22 reviews

#59 of 490 State Parks in California


on Harvey Bear Trail
1 month ago

super boring and gross nothing but hay and poop. good workout but that's it

on Middle Ridge Trail
3 months ago

Beautiful trail

on Harvey Bear Trail
3 months ago

Beautiful. Hiking. Walking enjoy the nature

on Middle Ridge Trail
5 months ago

hiking

It was a GORGEOUS trail. My only complaint was that there were multiple creek crossings that we were not prepared for. Because of El Niño they were fairly deep as well. Other than that the trail was really quiet and peaceful. I would rate it as moderate as some parts can be fairly steep.

on Middle Ridge Trail
5 months ago

hiking

Only complaint was that there were multiple creek crossings that we were not prepared for in regards to shoes. Other than that it was BEAUTIFUL and I highly recommend this trail.

on Harvey Bear Trail
5 months ago

Walking it's beautiful

on Frog Lake Loop Trail
11 months ago

It was a nice 1.5hrs walk. Once you finish first 15min uphill and then steep downhill and get down to the lake it's an easy nice walk through the woods back to HQ.

on Redfern Pond from Hunting...
1 year ago

hiking

First overnight trip. Beat the heat by hiking in at night. The dry grassy hills are much more beautiful when lit by the moonlight. I was not expecting it to be so difficult, it was hill after hill and coming down was very steep during the next day. The ponds are very dry and difficult to fish.

on Harvey Bear Trail
1 year ago

hiking

Great hike...very long and hot if you go to the right of the lake, but it's the best part!

on Middle Ridge Trail
1 year ago

hiking

Hiked about 9 miles in Coe Park yesterday with 4 friends. Started at park HQ and took Monument Trail to Hobbs Rd to Middle Ridge Trail to Fish Trail then added on about 3 miles by looping south around Forest Trail then north via Springs Trail to Corral Trail and back to HQ. Though the skies were heavy to start with, the storm had passed, and we avoided having to put on rain gear. By 2pm the skies were clear and we had sun and a cool breeze, perfect for hiking. Encountered backpacking groups -- pairs of friends, school groups and scouts. The trails took us through a varied landscape from shad,y wooded creeksides to sunny, windswept hillsides studded by iconic stand-alone California oaks.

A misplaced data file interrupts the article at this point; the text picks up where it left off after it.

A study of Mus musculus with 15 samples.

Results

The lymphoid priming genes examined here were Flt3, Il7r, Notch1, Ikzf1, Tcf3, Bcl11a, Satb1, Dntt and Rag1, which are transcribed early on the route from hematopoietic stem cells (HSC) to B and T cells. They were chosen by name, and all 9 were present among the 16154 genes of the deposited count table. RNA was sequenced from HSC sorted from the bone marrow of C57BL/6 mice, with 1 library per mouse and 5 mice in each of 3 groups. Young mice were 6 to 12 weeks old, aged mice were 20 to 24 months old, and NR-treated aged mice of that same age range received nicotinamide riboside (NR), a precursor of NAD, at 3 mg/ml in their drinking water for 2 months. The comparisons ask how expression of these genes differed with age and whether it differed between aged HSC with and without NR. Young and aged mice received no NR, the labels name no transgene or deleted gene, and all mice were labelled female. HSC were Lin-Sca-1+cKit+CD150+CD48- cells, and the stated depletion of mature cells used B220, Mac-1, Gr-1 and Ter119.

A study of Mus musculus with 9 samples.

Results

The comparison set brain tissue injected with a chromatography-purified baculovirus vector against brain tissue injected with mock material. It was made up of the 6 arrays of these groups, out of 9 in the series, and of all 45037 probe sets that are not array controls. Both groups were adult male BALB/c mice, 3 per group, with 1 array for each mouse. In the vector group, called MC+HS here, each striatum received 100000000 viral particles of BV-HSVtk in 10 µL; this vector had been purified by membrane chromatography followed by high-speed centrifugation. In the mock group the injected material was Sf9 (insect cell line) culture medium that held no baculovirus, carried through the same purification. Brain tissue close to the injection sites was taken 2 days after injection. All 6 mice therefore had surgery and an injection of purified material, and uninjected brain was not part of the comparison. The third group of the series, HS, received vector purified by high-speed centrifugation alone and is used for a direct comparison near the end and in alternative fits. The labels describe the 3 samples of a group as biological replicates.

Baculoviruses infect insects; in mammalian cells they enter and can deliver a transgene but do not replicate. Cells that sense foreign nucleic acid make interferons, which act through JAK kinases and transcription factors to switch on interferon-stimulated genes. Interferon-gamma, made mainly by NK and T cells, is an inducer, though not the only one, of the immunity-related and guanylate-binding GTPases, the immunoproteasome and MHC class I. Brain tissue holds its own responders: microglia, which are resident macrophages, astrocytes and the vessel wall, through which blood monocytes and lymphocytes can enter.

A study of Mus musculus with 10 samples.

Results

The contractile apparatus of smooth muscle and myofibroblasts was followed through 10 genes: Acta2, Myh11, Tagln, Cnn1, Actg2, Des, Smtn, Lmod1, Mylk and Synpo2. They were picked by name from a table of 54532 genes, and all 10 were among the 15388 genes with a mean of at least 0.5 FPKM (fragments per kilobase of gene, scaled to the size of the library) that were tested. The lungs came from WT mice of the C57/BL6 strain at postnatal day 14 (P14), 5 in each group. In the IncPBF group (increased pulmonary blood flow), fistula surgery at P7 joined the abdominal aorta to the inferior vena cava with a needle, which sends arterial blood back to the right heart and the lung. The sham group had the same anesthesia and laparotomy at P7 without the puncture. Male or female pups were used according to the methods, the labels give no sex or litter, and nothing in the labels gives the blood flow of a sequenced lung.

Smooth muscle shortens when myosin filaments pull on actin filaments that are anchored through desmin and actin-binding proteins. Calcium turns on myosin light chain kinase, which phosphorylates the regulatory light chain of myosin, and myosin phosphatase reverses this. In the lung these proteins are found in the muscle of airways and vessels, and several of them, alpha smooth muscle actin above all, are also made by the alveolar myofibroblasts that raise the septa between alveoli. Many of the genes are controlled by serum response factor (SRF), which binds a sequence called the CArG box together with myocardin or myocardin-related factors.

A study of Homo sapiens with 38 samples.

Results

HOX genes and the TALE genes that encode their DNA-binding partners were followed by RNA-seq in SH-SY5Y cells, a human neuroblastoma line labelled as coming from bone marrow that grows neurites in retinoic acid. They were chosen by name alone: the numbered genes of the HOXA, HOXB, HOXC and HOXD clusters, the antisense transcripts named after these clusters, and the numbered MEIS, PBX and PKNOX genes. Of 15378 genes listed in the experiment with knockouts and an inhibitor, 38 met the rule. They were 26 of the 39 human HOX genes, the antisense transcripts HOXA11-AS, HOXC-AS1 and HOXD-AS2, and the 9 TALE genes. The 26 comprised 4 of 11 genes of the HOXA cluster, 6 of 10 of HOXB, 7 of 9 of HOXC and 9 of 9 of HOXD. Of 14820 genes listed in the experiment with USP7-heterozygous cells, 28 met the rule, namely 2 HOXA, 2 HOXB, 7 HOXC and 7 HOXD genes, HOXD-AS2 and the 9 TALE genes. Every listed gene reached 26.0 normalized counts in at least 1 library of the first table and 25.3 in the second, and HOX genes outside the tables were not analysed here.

on Middle Ridge Trail
1 year ago

hiking

Stopped to enjoy the bullfrogs and catfish at Frog Lake.

on Frog Lake Loop Trail
1 year ago

hiking

Just moved from DC so Henry Coe trails were only second ones hiked in the area. Frog Lake Loop was the first of three trails we hiked over MLK weekend. There was a gradual accent on Monument Trail as described but not too bad. Beautiful views at the apex. Ironically, I found the short but steep descent into canyon to Frog Lake where the trail merges onto a service road more challenging part of the weekend due to the loose gravel. Not overly steep but actually lost my footing on the loose rock a couple of times, so was comic relief for anyone within viewing range. Granted, picking rocks out of your hands from time to time is just part of hiking. However, a little easier on the ego doing it from some back-woods unimproved trail than strolling down a freakin “improved” gravel road. Though not quite as remote as I'd hoped, the trail itself was nice overall. Next time I'll hike the loop counter-clockwise to ascend that road and hopefully reclaim my pride.

on Middle Ridge Trail
1 year ago

hiking

This was an easy hike for me since it was 6.3 miles out and back. the scenery of beautiful yellow colors in the leaves of the trees are awesome. it was raining then stopped so more fresh air.

on Frog Lake Loop Trail
1 year ago

Awesome views. Lots of frogs

on Middle Ridge Trail
2 years ago

hiking

Coe ain't no joke.

My girlfriend decided she wanted to do this hike on her birthday, and I obliged, being an inexperienced hiker and not knowing what to expect. We entered from the Hunting Hollow entrance, and within the first 15 minutes we were climbing like mountain goats. The trail at this point was straight up-up-up with not a switchback in sight, and after cresting the sixth giant hill, each hill following it elicited laughter from us both. By that time it didn't really matter how many hills the trail threw at us; we'd gotten used to it.

However, it's the way down that can really get you. We elected to return on the Middle Steer Ridge trail, and the straight path down is so steep that it's nearly impossible not to start running downhill unable to stop until the ground flattens out a bit. I felt like a runaway train a few times and thanked my lucky stars that I neither slipped nor rolled an ankle in the process. All told, I'd do it again, but not if it had rained recently (like it had).

The views at the heights are spacious and open with more foresty hiking magic at the lower altitudes. Not for beginners, but excellent for quad strengthening.

on Middle Ridge Trail
3 years ago

hiking

I took the longer blue ridge trail to jackass and back. The views aren't that great in this park but the strenuousness of it is an accomplishment. Jackass trail is really nice as it has been rarely traveled and is only recently grown back.